ESA Science & Technology 25 Jul 2018, 14:00 UTC Evidence for the Red Planet's watery past is prevalent across its surface in the form of vast dried-out river valley networks and gigantic outflow channels clearly imaged by orbiting spacecraft. Orbiters, together with landers and rovers exploring the martian surface, also discovered minerals that can only form in the presence of liquid water.
NASA's Jet Propulsion Laboratory News and Features 24 Jul 2018, 22:11 UTC With its dark, heavily cratered surface interrupted by tantalizing bright spots, Ceres may not remind you of our home planet Earth at first glance. The dwarf planet, which orbits the Sun in the vast asteroid belt between Mars and Jupiter, is also far smaller than Earth (in both mass and diameter). With its frigid temperature and lack of atmosphere, we're pretty sure Ceres can't support life as we know it. But these two bodies, Ceres and Earth, formed from similar materials in our solar system. And, after combing through thousands of images from NASA's Dawn spacecraft, which has been orbiting Ceres since 2015, scientists have spotted many features on Ceres that look like formations they've seen on Earth.
ESA Top News 24 Jul 2018, 13:00 UTC The launch of Aeolus — ESA’s mission to map Earth’s wind in real-time — is getting tantalisingly close, with the satellite due for lift-off on 21 August from Europe’s Spaceport in Kourou, French Guiana. With the wind in their sails, mission teams are busily preparing this unique satellite for its upcoming journey.
NASA's Jet Propulsion Laboratory News and Features 23 Jul 2018, 15:45 UTC New comprehensive mapping of the radiation pummeling Jupiter's icy moon Europa reveals where scientists should look -- and how deep they'll have to go -- when searching for signs of habitability and biosignatures.
NASA's Goddard Space Flight Center 20 Jul 2018, 13:25 UTC At first glance, it may seem as though this image was taken through a faulty lens, but the mind-bending distortions visible in this impressive image taken with Hubble’s Wide Field Camera 3 are actually caused by a cosmic phenomenon.
MIT 18 Jul 2018, 14:59 UTC For nearly a century, astronomers have puzzled over the curious variability of young stars residing in the Taurus-Auriga constellation some 450 light years from Earth. One star in particular has drawn astronomers’ attention. Every few decades, the star’s light has faded briefly before brightening again. In recent years, astronomers have observed the star dimming more frequently, and for longer periods, raising the question: What is repeatedly obscuring the star? The answer, astronomers believe, could shed light on some of the chaotic processes that take place early in a star’s development. Now physicists from MIT and elsewhere have observed the star, named RW Aur A, using NASA’s Chandra X-Ray Observatory. They’ve found evidence for what may have caused its most recent dimming event: a collision of two infant planetary bodies, which produced in its aftermath a dense cloud of gas and dust. As this planetary debris fell into the star, it generated a thick veil, temporarily obscuring the star’s light.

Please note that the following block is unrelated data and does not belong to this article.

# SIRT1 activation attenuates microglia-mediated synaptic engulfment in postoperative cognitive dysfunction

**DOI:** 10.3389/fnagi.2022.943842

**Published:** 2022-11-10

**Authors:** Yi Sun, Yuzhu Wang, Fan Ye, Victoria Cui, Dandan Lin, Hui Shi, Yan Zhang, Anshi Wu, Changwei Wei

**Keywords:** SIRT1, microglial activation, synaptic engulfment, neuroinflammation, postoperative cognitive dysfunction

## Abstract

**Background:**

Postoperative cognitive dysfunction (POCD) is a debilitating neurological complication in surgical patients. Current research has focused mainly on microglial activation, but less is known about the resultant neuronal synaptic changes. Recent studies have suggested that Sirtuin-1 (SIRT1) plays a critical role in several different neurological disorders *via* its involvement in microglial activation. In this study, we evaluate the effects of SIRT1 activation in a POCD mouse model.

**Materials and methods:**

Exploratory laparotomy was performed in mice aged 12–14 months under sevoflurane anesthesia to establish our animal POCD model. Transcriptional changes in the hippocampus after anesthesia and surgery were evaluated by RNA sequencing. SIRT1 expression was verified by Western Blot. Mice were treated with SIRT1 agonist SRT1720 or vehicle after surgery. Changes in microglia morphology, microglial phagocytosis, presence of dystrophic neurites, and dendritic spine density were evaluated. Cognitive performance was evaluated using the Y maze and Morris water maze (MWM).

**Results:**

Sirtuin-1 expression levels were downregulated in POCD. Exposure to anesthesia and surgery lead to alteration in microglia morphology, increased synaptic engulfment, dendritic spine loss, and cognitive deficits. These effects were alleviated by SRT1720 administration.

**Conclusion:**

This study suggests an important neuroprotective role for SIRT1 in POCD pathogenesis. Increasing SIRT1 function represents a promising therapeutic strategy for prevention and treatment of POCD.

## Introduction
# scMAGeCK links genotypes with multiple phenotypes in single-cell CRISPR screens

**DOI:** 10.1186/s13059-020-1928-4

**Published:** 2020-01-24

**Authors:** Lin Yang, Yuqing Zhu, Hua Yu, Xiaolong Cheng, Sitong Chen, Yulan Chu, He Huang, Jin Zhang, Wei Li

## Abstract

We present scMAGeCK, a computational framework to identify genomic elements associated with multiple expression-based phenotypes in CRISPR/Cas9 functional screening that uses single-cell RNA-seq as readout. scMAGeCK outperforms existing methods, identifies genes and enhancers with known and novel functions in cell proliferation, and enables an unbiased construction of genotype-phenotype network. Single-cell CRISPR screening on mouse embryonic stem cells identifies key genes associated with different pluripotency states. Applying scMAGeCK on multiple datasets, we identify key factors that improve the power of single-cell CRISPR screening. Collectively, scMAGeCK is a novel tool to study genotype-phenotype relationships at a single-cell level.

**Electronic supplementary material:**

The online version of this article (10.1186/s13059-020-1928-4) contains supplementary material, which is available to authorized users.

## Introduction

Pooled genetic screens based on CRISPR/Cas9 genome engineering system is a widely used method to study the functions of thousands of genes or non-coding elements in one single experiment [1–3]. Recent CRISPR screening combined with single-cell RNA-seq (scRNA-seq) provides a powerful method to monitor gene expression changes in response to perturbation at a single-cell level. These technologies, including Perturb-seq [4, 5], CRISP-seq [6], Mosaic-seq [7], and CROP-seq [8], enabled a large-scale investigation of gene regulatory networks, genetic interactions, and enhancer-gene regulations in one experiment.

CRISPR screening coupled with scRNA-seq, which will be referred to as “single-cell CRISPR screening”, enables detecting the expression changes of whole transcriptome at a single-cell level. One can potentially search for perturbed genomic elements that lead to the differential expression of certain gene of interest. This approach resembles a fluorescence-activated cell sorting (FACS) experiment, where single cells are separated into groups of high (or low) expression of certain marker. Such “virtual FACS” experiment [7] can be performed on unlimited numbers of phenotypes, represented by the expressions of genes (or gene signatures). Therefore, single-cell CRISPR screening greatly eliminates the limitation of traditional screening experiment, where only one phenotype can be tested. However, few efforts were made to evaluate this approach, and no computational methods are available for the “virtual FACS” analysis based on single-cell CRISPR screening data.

ESA Top News 18 Jul 2018, 13:00 UTC New research using a decade of data from ESA’s Mars Express has found clear signs of the complex martian atmosphere acting as a single, interconnected system, with processes occurring at low and mid levels significantly affecting those seen higher up.
ESO Top News 18 Jul 2018, 10:00 UTC ESO’s Very Large Telescope (VLT) has achieved first light with a new adaptive optics mode called laser tomography — and has captured remarkably sharp test images of the planet Neptune, star clusters and other objects. The pioneering MUSE instrument in Narrow-Field Mode, working with the GALACSI adaptive optics module, can now use this new technique to correct for turbulence at different altitudes in the atmosphere. It is now possible to capture images from the ground at visible wavelengths that are sharper than those from the NASA/ESA Hubble Space Telescope.